While tightened control by Viet Nam and the People’s Republic of China (PRC) in response to the COVID-19 epidemic may have slowed down customs procedures and trade, the two countries continue to work on easing import/export at the border through cooperation and discussions.
Limited resources did not stop Viet Nam from implementing a quick and effective response against the COVID-19 pandemic. As countries all over the world work to overcome the novel coronavirus outbreak, Viet Nam, a country with a population of 95 million, boasts a remarkably low infection rate of only 271 total confirmed cases and no deaths, according to the World Health Organization situational report (as of 5 May 2020).
Mr. Jens Thraenhart, Executive Director of the Mekong Tourism Coordinating Office, cautioned that what makes travel in the Greater Mekong Subregion (GMS) one of a kind is now at risk. This includes travel experiences that define the Mekong Region and small businesses that are unique to the subregion.
The members of the Working Group on Environment (WGE) from the six countries of the Greater Mekong Subregion (GMS), namely, the Kingdom of Cambodia, the People’s Republic of China, the Lao People’s Democratic Republic, the Republic of the Union of Myanmar, the Kingdom of Thailand, and the Socialist Republic of Viet Nam, met in Kunming, PRC on 1 April 2019 for the 24th Annual Meeting of the WGE (WGE 24) and attended the Consultation Workshop on Proposed GMS Climate Change and Environmental Sustainability Program (CCESP) from 1 to 2 April 2019.
Cambodia and Viet Nam will continue to work together to ensure bilateral trade continues amidst border control measures implemented due to the COVID-19 pandemic. While the two countries have enforced stricter travel restrictions to tourists passing through their borders, Cambodia and Viet Nam remain open to the exchange of goods.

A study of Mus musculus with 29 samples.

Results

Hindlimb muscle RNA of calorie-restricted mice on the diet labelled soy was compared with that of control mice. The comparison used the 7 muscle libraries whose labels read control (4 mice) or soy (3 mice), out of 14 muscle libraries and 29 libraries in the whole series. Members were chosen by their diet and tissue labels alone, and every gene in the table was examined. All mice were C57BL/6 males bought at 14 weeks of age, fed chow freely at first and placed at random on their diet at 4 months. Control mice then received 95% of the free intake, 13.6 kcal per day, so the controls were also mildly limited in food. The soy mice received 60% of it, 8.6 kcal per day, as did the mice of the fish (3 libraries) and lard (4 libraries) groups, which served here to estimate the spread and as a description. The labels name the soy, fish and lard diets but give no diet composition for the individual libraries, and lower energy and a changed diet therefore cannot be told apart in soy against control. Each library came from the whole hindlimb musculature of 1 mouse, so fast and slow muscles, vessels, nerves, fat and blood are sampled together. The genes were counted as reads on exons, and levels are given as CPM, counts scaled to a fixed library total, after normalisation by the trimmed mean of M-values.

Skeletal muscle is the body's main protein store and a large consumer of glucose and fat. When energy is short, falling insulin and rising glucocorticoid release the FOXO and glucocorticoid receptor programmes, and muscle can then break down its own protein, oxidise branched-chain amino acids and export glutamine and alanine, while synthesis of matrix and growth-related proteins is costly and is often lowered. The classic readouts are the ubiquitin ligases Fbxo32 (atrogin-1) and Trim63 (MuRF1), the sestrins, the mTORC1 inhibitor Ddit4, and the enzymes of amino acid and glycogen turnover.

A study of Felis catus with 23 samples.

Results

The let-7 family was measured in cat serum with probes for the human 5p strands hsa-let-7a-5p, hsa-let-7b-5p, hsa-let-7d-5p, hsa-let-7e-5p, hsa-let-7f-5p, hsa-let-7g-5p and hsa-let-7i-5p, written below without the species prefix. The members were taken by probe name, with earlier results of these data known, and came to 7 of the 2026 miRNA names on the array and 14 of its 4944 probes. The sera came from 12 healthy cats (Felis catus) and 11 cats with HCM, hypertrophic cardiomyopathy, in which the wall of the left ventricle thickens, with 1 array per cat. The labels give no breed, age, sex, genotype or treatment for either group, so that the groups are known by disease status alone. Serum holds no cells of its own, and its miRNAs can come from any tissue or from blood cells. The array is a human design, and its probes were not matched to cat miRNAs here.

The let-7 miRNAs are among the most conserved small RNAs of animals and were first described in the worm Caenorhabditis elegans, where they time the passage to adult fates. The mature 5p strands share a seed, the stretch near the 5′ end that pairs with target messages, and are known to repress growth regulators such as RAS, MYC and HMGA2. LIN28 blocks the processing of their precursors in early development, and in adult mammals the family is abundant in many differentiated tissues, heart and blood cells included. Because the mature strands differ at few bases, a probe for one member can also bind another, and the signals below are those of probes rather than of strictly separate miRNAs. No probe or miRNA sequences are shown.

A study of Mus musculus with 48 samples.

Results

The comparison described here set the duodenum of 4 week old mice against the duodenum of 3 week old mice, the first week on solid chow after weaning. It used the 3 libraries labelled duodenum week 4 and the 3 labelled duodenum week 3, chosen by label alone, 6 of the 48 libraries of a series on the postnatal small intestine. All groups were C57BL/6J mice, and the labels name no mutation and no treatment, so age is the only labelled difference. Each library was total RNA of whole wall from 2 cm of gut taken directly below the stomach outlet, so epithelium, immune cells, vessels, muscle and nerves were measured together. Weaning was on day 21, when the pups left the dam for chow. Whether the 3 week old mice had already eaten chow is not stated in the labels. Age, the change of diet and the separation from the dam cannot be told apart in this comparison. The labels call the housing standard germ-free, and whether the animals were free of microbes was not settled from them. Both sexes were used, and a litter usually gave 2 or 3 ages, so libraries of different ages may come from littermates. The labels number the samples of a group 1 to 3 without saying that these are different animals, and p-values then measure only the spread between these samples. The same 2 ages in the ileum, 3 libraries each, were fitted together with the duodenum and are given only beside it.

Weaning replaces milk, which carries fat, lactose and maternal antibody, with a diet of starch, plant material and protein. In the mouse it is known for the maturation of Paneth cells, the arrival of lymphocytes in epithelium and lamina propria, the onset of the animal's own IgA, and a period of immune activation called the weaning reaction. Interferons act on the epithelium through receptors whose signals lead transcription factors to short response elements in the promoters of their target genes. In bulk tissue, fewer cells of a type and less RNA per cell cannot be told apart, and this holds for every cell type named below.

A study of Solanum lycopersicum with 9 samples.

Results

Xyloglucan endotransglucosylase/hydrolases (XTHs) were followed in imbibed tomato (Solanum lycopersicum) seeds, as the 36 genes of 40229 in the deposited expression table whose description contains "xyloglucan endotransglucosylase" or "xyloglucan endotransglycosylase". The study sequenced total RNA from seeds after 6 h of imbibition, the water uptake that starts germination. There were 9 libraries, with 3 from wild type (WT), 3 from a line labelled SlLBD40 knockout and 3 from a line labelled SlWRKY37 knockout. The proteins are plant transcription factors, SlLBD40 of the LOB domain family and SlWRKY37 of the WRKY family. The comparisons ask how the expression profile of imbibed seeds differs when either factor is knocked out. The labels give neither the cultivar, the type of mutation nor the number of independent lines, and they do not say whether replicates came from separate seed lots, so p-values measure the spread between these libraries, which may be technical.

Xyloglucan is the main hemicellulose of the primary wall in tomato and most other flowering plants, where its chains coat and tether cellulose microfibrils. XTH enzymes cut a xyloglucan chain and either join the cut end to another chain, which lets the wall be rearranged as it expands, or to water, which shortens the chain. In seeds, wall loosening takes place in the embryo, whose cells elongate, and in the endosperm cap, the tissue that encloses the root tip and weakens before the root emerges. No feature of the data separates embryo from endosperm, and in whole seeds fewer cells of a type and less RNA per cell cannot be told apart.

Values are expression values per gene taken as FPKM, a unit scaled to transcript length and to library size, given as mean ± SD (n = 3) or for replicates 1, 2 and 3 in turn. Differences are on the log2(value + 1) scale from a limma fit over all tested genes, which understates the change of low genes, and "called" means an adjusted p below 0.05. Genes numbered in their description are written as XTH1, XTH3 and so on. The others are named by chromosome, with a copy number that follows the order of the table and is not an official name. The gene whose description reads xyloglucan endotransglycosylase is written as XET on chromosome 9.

Through the use of modern information technology, Can Tho is transforming itself to become Viet Nam’s first smart city in the southwestern region by 2025. By transforming itself into a smart city, Can Tho hopes to further encourage civic engagement, increase competitiveness, and improve the city’s socio-economic development.
A 10-year-plan of the Government of Cambodia will put off development of new hydropower dams on the Mekong River in 2020–2030. The Cambodian government will review a policy to seek energy from coal, natural gas, and solar, as well as energy imports, according to a Reuters report.
Viet Nam’s Ministry of Agriculture and Rural Development introduced a WebGIS (geographic information systems) map to monitor the Mekong Delta’s river banks and coastline in June 2018. The WebGIS map has currently received updated data from 13 provinces in the Mekong Delta.
The tool aims to help provide information about landslides, including length, depth, influences on the environment, and impact on residents. It can help deliver warnings and disseminate information in advance. It uses map-based data, and can include pictures and videos.
As the region works to overcome the ongoing COVID-19 pandemic, the Asian Development Bank (ADB) through the GMS Health Security Project is supporting reinforcement of public health security and readiness of health systems in Cambodia, the Lao People’s Democratic Republic (PDR), Myanmar, and Viet Nam, to face the threats of COVID-19.